EEOC Releases Final ADA Amendments Act Regulations
On March 25, 2011, the United States Equal Employment Opportunity Commission (EEOC) published its final regulations implementing the ADA Amendments Act of 2008 (ADAAA). The regulation explains in greater detail the ADAAA’s new definition of "disabled" for purposes of the Americans with Disabilities Act of 1990 (ADA) and addresses many of the questions and concerns employers had with the ADAAA.
Congress passed the ADAAA regulations to help disabled individuals and the EEOC enforce their rights under the ADA. The ADAAA overrules several Supreme Court decisions that had narrowly construed the term "disabled," so that people whom Congress believes are disabled could not successfully enforce their rights against employers or potential employers for unlawful discrimination.
Ultimately, the ADAAA regulations broaden the definition of disabled, so that a lawsuit focuses on whether the employer has violated the claimant’s ADA rights. Quite straightforwardly, the regulation states, "[t]he question of whether an individual meets the definition of disability under this part should not demand extensive analysis."
Technically speaking, what does the ADAAA regulation do?
The ADAAA and the regulation alter the course of a lawsuit brought under the ADA. Instead of dwelling on the question of whether an employee is disabled, the lawsuit will now mostly turn on whether the employer violated an individual’s rights under the ADA.
When an employee or potential employee believes they have been denied the protections of the Americans with Disabilities Act, the individual must first file their grievance with the EEOC. Next, either the EEOC or the individual, as plaintiff, can sue the employer. To be successful in the suit, the plaintiff must first prove that the individual has a disability; thereafter, the plaintiff must demonstrate that the employer somehow discriminated against the disabled individual in violation of the individual’s rights. The ADAAA and the new regulation make it easier for the plaintiff to prove that the individual has a disability for purposes of the lawsuit.
The regulation expands the definition of disabled to include people with conditions that the Supreme Court of the United States decided were not disabilities, including those with cancer, diabetes, and epilepsy. Whether or not treatments or methods exist to ameliorate the condition does not affect whether the individual is disabled; that is, even though the employee can do something to overcome the disability, this does not mean the employee is not disabled. The regulation exempts normal vision-correcting eyeglasses or contacts.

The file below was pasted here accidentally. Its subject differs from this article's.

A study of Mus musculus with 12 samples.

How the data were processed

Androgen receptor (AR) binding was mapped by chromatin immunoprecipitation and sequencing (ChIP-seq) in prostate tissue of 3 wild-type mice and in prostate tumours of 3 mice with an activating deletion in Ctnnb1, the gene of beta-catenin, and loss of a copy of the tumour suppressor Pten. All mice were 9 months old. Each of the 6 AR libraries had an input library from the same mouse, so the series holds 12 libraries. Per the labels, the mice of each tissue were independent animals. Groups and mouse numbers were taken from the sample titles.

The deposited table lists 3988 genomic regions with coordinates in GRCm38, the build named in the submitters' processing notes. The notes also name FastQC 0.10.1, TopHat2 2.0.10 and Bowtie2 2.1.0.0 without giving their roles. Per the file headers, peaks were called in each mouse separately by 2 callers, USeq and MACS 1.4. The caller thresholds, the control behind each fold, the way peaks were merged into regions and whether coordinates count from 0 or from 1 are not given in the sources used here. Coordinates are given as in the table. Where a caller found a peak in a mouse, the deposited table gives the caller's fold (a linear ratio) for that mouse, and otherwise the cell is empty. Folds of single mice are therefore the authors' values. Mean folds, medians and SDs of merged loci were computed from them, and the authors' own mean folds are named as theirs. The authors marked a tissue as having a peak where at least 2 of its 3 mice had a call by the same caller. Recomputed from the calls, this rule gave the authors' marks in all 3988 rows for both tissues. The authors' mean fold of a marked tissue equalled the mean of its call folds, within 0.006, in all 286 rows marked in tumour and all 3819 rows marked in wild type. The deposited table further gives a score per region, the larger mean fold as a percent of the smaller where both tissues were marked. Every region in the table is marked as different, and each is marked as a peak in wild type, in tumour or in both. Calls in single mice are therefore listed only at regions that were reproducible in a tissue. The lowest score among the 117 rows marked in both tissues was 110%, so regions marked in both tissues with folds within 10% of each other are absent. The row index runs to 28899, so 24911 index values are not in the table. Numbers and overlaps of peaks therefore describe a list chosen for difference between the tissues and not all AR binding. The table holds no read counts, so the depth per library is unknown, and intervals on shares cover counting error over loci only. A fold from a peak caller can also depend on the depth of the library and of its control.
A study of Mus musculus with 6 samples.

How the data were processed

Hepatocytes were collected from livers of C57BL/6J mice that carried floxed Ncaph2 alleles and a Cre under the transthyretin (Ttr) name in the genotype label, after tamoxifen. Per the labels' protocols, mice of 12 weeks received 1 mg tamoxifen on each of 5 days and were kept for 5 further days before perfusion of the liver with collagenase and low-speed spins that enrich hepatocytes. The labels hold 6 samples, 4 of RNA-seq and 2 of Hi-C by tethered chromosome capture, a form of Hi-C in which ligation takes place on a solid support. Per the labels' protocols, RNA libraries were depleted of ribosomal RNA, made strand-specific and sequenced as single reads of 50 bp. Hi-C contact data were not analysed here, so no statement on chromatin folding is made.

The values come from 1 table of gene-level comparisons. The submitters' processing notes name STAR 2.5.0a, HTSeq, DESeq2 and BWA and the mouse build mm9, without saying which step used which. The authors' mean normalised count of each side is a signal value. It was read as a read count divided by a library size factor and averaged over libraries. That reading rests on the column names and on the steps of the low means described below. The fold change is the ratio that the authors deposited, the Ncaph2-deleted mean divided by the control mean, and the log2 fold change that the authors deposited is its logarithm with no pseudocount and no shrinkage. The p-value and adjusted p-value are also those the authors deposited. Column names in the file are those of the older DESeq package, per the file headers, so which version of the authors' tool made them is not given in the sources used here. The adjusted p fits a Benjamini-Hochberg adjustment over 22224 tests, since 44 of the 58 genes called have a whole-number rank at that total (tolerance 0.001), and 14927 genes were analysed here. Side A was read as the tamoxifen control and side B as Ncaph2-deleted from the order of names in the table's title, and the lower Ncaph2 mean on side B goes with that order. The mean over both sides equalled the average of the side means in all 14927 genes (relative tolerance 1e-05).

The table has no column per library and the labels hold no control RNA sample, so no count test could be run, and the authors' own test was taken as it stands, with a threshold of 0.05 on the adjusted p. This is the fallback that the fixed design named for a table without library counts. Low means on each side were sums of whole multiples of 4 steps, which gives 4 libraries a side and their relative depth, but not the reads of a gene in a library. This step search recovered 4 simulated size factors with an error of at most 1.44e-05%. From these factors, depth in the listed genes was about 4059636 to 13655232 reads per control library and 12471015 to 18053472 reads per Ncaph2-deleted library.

There are three different ways an employee can be considered disabled for purposes of ADA litigation: an actual disability, a record of disability, and regarding the individual as having a disability. The first is straightforward: the individual presently has a disability and the employer commits discriminatory acts against the disabled employee. "A record of disability" is when the employee either actually once had or erroneously was believed to have a disability, and the employee commits a discriminatory act based on this past belief. "Regarding the individual as having a disability" occurs when the employer commits discriminatory acts based on the individual having an impairment or when the employer merely believes the employee has an impairment; the employer can defend its actions if the employer can prove that the individual’s impairment is "minor and transitory."
The expanded definition of disability makes this step easier for plaintiffs in lawsuits. Consequently, more plaintiffs will succeed in lawsuits against employers, as more cases advance to asking whether the employer violated the plaintiff’s rights against discrimination. In the end, the potential for increasing litigation costs should prompt employers to put more effort into preventing litigation and will hopefully result in fewer instances of potential discrimination against individuals with disabilities.
So what does this mean for employers?
Employers should take note of two of the regulation’s repercussions. First, employers should know the list of specific conditions that "consistently" qualify as disabilities and be ready to accommodate employees and potential employees accordingly. Employees and potential employees with these conditions will present the "easy cases" of ADA discrimination, so employers should take care to avoid incurring liabilities with them. Yet the list of conditions that "consistently" qualify a person as disabled is not exhaustive, so every instance still requires an individual assessment.
Second, employers must bear disabilities in mind even when employees successfully cope with conditions or when an impairment is not constant. Although the employee may be able to take actions to improve functionality with a condition, such as by regularly taking insulin to control diabetes, this does not mean that the employer can discriminate against that employee based on the condition; the employer must not allow the fact that the employee or potential employee has a disability to affect its actions towards the employee. However, an employer may consider an employee’s failure to mitigate his or her condition with regard to that person’s potential fitness for a position.
Conclusion: The Regulation Eases Compliance with the ADAAA
The recently-released regulation resolves a few lingering uncertainties about the ADAAA, but it does not expand "disability" much beyond the changes enacted in the ADAAA. Employers should continue implementing policies that assure compliance with the ADA and that discourage employees from taking actions based on the presence or absence of disability.